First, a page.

Try Dry Brushing to Detox Your Lymphatic System

We’ve talked about several detox methods on the blog before, but there’s one topic we haven’t scratched the surface of yet: dry brushing for lymphatic drainage. While it sounds like a mouthful, dry brushing is actually pretty simple, and best of all, it provides a myriad of benefits for the body and mind.

What Is Lymphatic Drainage?

Before we get into the details of dry brushing, let’s talk about lymphatic drainage. What does it mean, and why bother to begin with?

The lymphatic system is your body’s natural detoxifier, and stimulating the flow of lymph via drainage, or a specialized massage, keeps it working like a well-oiled machine. The lymphatic system is the network of vessels through which lymph fluid drains from the tissues into the blood. Lymph fluid carries toxins like bacteria, cell waste, and environmental pollutants from the bloodstream back to the lymph nodes, which destroy those impurities. The more efficient the lymph flows through your system, the better chance you have of reaping its detoxifying properties.

Photo by Svitlana

Why Use A Dry Brush?

Dry brushes are made with coarse, plant-based materials to help stimulate the movement of lymph fluids.

Though the lymphatic system and circulatory system are similar in that they both transport fluids through the body, the circulatory has a unique advantage: it can rely on the heart to pump that fluid around. The lymphatic system isn’t quite so lucky; it relies on muscle contractions to transport lymph through your system. That means that giving it a boost with a stimulating drainage massage can help to smooth out the process, especially if you’re suffering from buildups or blockages in your lymphatic system.

How To Use Your Dry Brush For Lymphatic Drainage

Using long, gentle strokes, bring your brush from any starting point on your body towards your heart or lymph node drainage area, which is found under the left armpit. Pay special attention to the abdomen, as the majority of the body’s lymphatic tissue lives in that area. Spend at least 60 seconds brushing, using slow, clockwise circles beginning from the right side of your body.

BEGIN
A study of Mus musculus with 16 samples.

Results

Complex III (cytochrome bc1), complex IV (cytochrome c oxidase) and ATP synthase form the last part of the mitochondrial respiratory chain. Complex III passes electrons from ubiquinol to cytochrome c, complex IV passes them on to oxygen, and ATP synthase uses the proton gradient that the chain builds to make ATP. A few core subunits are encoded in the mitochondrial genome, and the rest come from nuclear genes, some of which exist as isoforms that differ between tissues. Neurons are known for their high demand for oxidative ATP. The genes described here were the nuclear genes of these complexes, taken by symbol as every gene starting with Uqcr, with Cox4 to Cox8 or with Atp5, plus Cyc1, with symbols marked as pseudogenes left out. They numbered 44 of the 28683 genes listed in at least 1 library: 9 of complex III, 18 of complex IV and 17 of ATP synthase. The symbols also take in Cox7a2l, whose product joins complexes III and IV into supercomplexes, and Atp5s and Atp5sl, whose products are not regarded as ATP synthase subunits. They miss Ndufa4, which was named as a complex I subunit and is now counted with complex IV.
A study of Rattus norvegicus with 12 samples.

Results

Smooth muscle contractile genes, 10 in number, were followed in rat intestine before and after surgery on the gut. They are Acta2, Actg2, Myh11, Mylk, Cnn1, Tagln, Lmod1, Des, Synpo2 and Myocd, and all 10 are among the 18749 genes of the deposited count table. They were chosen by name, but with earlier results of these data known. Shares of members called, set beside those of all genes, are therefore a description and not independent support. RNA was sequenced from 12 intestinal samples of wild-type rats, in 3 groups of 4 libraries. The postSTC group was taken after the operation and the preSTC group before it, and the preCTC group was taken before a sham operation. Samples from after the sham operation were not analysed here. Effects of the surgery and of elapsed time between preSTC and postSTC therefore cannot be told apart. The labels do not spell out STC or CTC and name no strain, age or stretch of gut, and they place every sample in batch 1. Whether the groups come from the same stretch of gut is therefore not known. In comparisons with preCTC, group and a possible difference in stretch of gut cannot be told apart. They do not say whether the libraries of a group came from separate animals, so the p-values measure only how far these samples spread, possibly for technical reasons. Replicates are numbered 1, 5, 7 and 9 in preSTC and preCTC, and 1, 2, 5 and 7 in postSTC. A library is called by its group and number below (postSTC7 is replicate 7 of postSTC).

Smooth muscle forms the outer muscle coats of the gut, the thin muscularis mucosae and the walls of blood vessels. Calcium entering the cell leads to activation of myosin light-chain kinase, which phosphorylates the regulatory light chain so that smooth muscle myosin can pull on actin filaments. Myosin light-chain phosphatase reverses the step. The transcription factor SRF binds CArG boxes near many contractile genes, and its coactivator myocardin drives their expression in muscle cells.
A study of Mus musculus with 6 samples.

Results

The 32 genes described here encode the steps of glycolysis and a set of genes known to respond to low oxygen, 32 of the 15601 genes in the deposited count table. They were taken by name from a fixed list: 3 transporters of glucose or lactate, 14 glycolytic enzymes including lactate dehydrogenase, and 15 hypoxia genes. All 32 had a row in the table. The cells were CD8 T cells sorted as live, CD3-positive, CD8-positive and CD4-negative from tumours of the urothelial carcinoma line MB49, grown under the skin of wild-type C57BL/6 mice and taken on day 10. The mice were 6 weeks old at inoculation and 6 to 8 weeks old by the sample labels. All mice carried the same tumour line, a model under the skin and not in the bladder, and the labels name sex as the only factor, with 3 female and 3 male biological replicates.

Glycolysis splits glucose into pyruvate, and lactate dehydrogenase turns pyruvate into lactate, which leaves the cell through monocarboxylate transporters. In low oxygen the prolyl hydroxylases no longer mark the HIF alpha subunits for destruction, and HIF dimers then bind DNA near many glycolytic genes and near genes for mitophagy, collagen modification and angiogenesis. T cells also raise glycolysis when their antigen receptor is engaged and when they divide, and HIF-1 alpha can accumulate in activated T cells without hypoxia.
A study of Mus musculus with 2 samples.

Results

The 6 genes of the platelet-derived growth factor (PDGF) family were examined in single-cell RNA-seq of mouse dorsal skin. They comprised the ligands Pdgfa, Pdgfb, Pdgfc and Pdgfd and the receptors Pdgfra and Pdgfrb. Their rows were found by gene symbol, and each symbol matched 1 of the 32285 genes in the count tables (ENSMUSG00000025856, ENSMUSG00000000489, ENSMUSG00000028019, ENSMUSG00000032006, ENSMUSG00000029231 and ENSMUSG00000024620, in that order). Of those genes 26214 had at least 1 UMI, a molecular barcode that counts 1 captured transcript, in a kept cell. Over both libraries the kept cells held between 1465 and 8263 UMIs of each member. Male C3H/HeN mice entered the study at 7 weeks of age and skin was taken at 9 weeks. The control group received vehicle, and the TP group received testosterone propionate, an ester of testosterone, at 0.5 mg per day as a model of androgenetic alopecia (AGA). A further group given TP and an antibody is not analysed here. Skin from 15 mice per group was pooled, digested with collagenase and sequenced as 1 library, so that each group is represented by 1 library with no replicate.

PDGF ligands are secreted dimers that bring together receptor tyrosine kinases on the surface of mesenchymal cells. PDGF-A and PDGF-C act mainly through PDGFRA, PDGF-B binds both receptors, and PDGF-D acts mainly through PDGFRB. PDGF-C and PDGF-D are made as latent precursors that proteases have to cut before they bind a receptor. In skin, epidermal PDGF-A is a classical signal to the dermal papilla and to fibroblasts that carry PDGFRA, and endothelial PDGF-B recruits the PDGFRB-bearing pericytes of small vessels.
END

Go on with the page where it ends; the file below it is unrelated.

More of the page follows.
The key to a successful drainage is making sure you’re nudging the lymph in the direction of your heart or drainage area — the natural direction of the fluid. This means if you start from the feet or legs, you’re brushing upwards, whereas if you start on your hands, you’re bringing the brush up your arm, past your shoulder and to your heart.

Of course, you’ll want to be as gentle as possible at first, given that your skin will need to adjust to the intensity of the bristles. It’s recommended that you don’t exceed dry brushing more than twice a week. Avoid dry brushing if you have a rash, broken skin, or a sunburn.

Other Benefits Of Dry Brushing

Detoxifying benefits aside, dry brushing offers up a range of other upsides as well. One added perk is that dry brushes also double as an exfoliant, gently buffing away dead cells on the surface of your skin and making room for the bright, healthy ones to replace them. Dry brushing is also known to calm effects of anxiety and regulate levels of cortisol, the hormone that makes us feel stress.


Cecilia Seiter
Cecilia is a freelance writer and contributor to Slow North. She writes largely about sustainability, especially as it applies to beauty, wellness, and the future of technology. She is a graduate of the journalism department at Cal Poly, San Luis Obispo and is based in Los Angeles, CA.